Listen now 30 mins
Arthur Ransome is best known for writing the 'Swallows and Amazons' series of children's books. These tell of school-holiday adventures of children, mostly in the Lake District and the Norfolk Broads. Nearly all of Ransome's books involve sailing, a reflection of his own passion for boats, which he spent his lifetime owning and enjoying.
Ransome owned many boats during his lifetime, and in this programme John McCarthy, a keen sailor himself, goes to see many of them, gradually piecing together a picture of the writer, through the boats he owned.
Nancy Blackett is featured in 'We Didn't Mean to Go to Sea', as the Goblin, the boat in which four children sail across the North Sea to Holland. Ransome sailed the course himself in Nancy, and worked on the book aboard her, while living near Pin Mill on the River Orwell in Suffolk.
Recently rescued and restored, Nancy Blackett is now preserved and maintained and sailed regularly by its owners. Nancy Blackett was Arthur Ransome's favourite amongst the cruising yachts he owned during his lifetime. He named her after his favourite character, the adventurous, irrepressible leader of the Amazon Pirates who first appears in 'Swallows and Amazons'.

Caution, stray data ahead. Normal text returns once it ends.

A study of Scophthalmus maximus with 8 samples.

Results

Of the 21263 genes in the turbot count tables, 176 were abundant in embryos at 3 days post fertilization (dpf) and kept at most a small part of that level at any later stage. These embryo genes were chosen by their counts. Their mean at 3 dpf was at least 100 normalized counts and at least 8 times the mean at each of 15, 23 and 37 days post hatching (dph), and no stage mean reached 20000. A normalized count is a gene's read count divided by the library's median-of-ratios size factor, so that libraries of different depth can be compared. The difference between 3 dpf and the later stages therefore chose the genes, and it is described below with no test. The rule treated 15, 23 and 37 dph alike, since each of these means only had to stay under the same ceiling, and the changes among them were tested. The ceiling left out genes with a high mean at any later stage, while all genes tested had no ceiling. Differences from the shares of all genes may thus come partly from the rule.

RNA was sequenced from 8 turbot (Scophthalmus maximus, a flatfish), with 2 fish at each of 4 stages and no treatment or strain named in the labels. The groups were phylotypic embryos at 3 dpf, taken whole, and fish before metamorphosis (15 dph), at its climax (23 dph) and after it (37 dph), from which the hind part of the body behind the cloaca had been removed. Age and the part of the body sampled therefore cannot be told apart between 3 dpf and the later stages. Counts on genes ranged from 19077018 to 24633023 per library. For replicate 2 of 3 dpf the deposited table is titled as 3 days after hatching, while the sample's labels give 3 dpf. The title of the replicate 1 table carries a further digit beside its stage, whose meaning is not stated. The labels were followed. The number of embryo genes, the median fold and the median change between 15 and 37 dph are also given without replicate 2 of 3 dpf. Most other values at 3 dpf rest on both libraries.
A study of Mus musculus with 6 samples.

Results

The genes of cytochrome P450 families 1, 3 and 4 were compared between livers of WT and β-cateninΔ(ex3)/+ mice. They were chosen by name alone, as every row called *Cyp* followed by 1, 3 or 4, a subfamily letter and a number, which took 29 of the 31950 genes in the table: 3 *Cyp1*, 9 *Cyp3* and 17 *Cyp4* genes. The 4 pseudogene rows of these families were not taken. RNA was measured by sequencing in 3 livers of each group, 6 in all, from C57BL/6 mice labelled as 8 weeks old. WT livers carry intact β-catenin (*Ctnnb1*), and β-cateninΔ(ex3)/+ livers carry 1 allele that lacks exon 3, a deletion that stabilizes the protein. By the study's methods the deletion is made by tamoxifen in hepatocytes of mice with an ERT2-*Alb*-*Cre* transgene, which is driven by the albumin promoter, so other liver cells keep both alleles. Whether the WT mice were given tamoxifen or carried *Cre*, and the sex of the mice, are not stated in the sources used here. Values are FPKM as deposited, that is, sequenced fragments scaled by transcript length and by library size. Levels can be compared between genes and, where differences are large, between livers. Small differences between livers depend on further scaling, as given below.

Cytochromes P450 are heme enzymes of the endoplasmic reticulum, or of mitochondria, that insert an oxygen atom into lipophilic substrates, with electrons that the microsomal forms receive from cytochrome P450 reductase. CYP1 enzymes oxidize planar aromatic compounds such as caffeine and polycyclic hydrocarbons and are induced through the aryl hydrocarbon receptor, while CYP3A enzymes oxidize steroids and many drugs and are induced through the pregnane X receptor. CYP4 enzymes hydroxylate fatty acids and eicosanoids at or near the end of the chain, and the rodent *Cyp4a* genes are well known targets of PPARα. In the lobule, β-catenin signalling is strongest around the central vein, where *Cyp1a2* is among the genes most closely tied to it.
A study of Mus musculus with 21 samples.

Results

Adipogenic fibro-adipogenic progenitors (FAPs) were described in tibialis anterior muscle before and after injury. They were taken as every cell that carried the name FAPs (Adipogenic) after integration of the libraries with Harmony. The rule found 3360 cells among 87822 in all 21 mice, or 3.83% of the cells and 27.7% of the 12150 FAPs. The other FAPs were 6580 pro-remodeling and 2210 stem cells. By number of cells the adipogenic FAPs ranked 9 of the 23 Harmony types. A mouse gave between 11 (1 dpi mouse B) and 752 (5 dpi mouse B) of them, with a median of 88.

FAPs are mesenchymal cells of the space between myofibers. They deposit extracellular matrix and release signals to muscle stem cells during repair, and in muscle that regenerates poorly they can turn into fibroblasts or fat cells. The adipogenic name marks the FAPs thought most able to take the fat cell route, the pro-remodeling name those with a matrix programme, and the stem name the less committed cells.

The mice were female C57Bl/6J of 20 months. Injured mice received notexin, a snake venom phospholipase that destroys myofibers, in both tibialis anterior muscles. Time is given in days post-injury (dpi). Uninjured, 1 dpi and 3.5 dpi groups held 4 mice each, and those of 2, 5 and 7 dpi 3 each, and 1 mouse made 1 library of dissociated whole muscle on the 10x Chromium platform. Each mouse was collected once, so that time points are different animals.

Ransome's dinghy Coch-y-Bonddhu was his favourite for sailing around the Walton Backwaters, just a few miles fom his home on the Orwell. He used to anchor up to work and it was here in Coch-y-Bonddhu that he wrote 'Secret Water'. The boat appears as 'Scarab' in the books. John also visits Ragged Robin, formerly named Lottie Blossom, and Peter Duck.
As John McCarthy travels around the UK visiting and sailing in Ransome's boats, he also encounters Mavis, which was the model for the Amazon and Esperance, a steam launch and a likely model for 'Captain Flint's Houseboat'.
Producer: Kevin Dawson
A Whistledown Production for BBC Radio 4.